Wednesday, September 2, 2009

Guest blog: Food Writing with Dina Guillen

Dina Guillen, author of Cooking Club: Great Ideas and Delicious Recipes for Fabulous Get-Togethers,stopped by to share her thoughts on food writing. Read on!

Food writing, like any writing, involves passion. If you are not passionate about it, don’t do it. It can be really hard, day after day, coming up with something to say and finding the right words to say it. But if you are sincerely passionate about it, the excitement and joy you feel jumps off the page and everyone feels it.

That being said, the next thing I would recommend is that no matter how passionate you are, you’ve got to ask yourself “why would a stranger read my book/blog/article?” Michael Ruhlman wrote an essay on food writing, and in it he said “Writing is not about the ‘me,’ it’s about the ‘not me.’ This is always true, even in personal essay and memoir.” I couldn’t agree more. People don’t care about my opinion, no matter how passionate I am about it. But if I include facts and information and data – then I’ve got an audience.

We received really nice feedback and reviews from readers of our latest book, Cooking Club: Great Ideas and Delicious Recipes for Fabulous Get-togethers. Everyone appreciated that we took the time to profile other cooking clubs around the country and put their advice in the book, plus we included pages of cooking club tips and guidelines, and entertaining tips for each themed menu. When you seek out advice and expert opinion and include it in your writing, it is much more valuable to the reader.

If you are looking to get published,the one tip I can give you is do your homework. While we were writing our first cookbook, The Plank Grilling Cookbook, I spent a lot of time in the bookstore and in the library researching book publishers who had published similar cookbooks to the one my friends and I were writing. I also bought a book called, How to Publish Your Nonfiction Book: A Complete Guide to Making the Right Publisher Say Yes, by Rudy Shur. We followed his advice every step of the way and it proved to be invaluable.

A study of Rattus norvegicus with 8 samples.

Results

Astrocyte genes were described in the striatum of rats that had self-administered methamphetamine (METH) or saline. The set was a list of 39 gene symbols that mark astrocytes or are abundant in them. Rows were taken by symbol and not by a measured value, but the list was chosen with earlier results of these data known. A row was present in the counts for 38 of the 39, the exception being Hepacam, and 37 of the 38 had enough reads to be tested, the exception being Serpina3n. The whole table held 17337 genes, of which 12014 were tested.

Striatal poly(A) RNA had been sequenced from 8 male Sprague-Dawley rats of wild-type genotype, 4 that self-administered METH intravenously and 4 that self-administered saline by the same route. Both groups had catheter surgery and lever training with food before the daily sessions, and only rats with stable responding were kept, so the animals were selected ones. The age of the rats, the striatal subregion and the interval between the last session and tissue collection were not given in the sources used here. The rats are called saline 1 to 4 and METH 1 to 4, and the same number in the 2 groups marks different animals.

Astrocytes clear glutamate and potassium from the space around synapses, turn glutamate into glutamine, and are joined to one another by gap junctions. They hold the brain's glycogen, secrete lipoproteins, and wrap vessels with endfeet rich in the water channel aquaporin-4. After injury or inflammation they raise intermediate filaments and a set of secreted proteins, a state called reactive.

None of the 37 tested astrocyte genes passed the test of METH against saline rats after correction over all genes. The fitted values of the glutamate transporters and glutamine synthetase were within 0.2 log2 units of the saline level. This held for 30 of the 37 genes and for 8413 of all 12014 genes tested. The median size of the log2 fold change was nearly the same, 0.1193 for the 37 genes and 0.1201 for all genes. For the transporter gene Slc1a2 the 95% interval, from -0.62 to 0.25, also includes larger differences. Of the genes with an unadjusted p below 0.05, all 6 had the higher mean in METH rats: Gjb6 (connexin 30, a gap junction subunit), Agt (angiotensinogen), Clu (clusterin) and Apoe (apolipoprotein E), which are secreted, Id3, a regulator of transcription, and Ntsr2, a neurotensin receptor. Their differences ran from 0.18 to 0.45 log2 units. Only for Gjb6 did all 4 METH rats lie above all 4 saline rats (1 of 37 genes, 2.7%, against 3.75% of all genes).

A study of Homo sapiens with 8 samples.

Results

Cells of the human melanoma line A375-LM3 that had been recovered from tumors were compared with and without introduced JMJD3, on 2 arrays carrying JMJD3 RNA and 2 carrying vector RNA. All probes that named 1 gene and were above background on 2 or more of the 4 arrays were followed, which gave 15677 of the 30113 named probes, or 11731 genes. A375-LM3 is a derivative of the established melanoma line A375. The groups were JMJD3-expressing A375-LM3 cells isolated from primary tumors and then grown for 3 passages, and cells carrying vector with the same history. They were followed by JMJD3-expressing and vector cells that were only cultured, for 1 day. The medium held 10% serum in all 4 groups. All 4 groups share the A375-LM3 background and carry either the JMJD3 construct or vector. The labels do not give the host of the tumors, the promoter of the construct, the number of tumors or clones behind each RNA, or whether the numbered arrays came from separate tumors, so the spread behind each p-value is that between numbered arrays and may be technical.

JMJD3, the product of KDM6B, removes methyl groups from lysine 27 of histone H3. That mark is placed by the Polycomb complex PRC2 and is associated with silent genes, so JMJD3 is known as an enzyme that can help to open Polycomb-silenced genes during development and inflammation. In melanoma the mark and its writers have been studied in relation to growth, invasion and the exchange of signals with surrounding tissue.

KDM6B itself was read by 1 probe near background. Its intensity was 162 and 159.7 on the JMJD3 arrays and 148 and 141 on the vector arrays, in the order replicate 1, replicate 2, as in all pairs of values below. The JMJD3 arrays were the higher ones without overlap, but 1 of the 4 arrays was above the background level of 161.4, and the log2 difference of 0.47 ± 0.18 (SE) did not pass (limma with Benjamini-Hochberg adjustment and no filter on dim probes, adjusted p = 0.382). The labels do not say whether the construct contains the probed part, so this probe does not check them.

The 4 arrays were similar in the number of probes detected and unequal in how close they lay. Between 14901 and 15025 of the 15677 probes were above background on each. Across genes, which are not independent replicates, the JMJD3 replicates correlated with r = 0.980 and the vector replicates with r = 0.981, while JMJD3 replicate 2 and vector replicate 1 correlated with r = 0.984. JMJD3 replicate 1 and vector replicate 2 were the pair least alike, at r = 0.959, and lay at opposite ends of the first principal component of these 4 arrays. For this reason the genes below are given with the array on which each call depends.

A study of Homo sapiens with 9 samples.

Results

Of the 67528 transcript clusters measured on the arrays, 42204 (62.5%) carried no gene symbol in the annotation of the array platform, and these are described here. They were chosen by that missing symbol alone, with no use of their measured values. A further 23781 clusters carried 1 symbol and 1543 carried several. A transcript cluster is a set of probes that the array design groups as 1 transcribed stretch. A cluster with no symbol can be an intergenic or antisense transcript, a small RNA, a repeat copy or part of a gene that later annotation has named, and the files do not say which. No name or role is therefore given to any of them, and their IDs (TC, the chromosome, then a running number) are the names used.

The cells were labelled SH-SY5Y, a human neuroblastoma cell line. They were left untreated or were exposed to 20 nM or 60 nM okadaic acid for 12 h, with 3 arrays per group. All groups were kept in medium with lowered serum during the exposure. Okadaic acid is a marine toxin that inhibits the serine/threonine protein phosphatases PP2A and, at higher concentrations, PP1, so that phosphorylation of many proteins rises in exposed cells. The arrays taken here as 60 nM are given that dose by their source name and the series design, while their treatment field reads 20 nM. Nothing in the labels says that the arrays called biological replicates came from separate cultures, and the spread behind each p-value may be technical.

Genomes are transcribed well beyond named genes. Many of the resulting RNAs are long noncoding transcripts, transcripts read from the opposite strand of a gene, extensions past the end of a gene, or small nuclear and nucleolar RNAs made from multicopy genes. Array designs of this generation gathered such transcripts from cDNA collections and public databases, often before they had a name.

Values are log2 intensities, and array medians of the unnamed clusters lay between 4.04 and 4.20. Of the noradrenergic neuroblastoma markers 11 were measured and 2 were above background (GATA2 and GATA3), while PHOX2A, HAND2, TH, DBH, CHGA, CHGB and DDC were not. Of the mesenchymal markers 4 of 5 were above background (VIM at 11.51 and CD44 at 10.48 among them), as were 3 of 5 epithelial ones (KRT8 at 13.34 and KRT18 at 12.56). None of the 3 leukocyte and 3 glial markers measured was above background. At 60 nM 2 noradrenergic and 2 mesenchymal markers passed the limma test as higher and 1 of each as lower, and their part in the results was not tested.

We prepared a proposal that described what our book was about and we were very strategic in explaining how it was different then anything out there, but not too different to scare people away from the topic entirely. It was important to communicate to the publisher how they were going to make money if they published our book. We wrote about our target audience, and some marketing strategies to sell the book. We had already written over half the cookbook, so we included two or three recipe chapters, as well as a table of contents. We packaged the proposal with a grilling plank, and mailed it to almost a dozen publishers that we had researched – hoping the grilling plank would get their attention since we didn’t have an agent to do that.

Shortly thereafter, we received four offers from publishers. That was incredibly exciting for us!

And finally, when it comes to food writing, it helps to be organized and detail oriented, especially when you are creating recipes. There is a big difference between a teaspoon and a tablespoon, ¼ cup and ¾ cup, baking soda and baking powder. It is so easy to type in the wrong amount, or wrong ingredient, and there are so many little details with writing a recipe. Testing the recipes before they make it in your cookbook will eliminate those mistakes. And if you don’t get overwhelmed by the details, then it is a really enjoyable experience. People will trust you, know that you took the time to get it right, and hopefully want to come back and buy your next book!


Thank you again to Dina Guillen for stopping by!